A Reminder of the Impact of Empathetic Journalism

Since most of the Must See Mondays I’ve seen (either in person or on Youtube) have been interview formats, I was surprised that this installment began with presentations of the small media and large media Katherine Schneider Journalism Awards for Excellence in Reporting on Disability. Based on the billing, The Best in Disability Reporting, I assumed it would be a forum with a panel of the winners. Instead, the small market winner, Ayat Khiry, spoke about her experience reporting for the ARIJ Arab Investigative Network for her winning piece, “Falling on Deaf Ears”, before Kathy Ritchie and William Wan discussed his winning piece for the Washington Post, entitled “Dementia patients are dying from isolation amid coronavirus pandemic”.

I was inspired by William’s sincerity and his approach to journalism. He said, “The reason I do journalism is that I want to become a better person. I don’t just want to make the world a better place, I want to change and be a better person.” He spoke about Dan Goerke, the man who is featured in the award winning story, with admiration. “Watching his example of how he navigated being a husband to someone who was losing the idea of who he even was – yeah, that’s part of it.” 

I asked William if the empathy and care he demonstrated talking about his reporting was the result of that approach or if he had always been caring by nature. He credited his experiences growing up as the son of a pastor for his empathy, though he was candid that his approach early in his career was misguided and self-serving. He says he has learned to overcome that with a strategic approach to writing stories that will have impact and his self-examination of his motives, striving to make a difference rather than for accolades and career achievement.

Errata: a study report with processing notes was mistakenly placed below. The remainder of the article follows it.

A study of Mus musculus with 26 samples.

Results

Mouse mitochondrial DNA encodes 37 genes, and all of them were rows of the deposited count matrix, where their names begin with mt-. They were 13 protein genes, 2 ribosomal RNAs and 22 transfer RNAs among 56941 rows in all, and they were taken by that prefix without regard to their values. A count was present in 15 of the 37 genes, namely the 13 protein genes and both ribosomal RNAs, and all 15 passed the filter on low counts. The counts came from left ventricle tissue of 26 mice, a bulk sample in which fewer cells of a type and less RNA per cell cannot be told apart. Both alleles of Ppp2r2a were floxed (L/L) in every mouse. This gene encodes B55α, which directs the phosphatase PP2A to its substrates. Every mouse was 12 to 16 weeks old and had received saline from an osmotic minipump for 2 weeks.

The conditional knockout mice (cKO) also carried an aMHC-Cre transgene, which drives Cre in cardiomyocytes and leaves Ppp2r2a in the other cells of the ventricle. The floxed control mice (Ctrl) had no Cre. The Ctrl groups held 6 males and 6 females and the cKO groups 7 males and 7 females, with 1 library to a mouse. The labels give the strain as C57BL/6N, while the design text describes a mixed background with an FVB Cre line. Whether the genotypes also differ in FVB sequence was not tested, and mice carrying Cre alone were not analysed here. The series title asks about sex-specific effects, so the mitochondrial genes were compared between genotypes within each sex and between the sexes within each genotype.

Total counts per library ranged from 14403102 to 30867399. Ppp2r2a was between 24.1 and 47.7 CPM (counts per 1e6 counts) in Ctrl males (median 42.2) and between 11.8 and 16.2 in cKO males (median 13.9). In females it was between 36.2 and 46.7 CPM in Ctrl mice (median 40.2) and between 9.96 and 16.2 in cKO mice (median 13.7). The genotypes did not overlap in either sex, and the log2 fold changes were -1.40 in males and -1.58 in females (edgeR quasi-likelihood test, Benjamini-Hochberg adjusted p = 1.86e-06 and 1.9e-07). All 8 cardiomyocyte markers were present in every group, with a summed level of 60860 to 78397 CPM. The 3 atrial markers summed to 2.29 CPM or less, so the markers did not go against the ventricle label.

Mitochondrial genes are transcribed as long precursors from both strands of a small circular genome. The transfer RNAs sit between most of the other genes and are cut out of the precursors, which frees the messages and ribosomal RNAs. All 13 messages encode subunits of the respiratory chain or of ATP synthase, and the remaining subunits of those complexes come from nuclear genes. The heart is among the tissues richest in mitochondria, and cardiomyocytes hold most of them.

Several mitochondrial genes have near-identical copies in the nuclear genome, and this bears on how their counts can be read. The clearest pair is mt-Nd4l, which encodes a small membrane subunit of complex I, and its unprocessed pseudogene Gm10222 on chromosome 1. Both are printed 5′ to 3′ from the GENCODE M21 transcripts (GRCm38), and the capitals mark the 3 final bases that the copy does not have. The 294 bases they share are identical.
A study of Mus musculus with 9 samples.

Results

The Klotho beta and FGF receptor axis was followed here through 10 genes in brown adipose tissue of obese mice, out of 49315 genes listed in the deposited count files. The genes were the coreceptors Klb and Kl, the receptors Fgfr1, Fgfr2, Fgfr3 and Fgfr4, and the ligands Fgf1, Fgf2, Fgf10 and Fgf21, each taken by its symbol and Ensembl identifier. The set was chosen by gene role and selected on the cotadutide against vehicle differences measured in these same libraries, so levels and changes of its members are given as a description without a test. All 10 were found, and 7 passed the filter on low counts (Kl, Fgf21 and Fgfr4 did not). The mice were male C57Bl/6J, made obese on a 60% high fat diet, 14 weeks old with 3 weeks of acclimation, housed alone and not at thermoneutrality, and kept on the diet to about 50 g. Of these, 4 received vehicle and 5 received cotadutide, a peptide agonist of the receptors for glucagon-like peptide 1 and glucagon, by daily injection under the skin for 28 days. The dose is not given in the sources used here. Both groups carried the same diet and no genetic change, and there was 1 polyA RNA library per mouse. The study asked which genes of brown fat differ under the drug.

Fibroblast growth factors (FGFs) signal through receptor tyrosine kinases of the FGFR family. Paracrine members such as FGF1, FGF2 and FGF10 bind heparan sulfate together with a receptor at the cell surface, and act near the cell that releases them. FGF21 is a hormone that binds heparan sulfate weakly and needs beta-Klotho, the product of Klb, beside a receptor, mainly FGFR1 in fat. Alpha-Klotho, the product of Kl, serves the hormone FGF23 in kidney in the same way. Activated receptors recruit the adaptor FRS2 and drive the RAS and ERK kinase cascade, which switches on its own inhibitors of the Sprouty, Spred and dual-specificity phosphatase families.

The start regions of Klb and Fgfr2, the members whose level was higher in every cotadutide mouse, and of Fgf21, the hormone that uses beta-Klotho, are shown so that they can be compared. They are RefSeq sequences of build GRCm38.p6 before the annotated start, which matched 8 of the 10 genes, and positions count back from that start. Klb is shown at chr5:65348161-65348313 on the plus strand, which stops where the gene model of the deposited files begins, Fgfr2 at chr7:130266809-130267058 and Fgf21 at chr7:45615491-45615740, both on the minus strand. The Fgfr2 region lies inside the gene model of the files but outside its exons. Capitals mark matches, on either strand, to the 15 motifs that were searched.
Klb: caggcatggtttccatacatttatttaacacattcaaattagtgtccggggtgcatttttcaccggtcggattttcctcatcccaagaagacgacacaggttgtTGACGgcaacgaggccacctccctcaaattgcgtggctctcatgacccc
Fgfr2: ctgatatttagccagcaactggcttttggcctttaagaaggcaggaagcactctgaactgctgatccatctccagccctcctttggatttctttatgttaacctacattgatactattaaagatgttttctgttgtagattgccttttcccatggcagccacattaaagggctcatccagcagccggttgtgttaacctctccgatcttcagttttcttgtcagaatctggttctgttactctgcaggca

The event was well attended, approximately 60 people were in the crowd. Frankly if it wasn’t for the 1% extra credit incentive for my classes, I would probably not have been one of them, which is another lesson, because this is exactly what I needed tonight. The stress of my grad program and the pressure to make good on this leap of faith leaving my corporate gig for an uncertain new career have been wearing on me. But if I can learn to approach journalism the way Willliam Wan does, and do the work that I set out to do when I applied for the program, then I won’t measure my success based on rejected pitches and internship applications, but on the impact of my reporting and the person it will help me become. 

Links to key participants and details below:

The Best in Disability Reporting – Walter Cronkite School of Journalism and Mass Communication

Katherine Schneider, Founder, Katherine Schneider Journalism Awards for Excellence in Reporting on Disability

Kristin Gilger – Presenter and Interim Dean, Walter Cronkite School of Journalism and Mass Communication.

Kathy Ritchie – Moderator and Health & Caregiving Editor for Next Avenue.

William Wan Enterprise & Narrative Reporter for the Washington Post.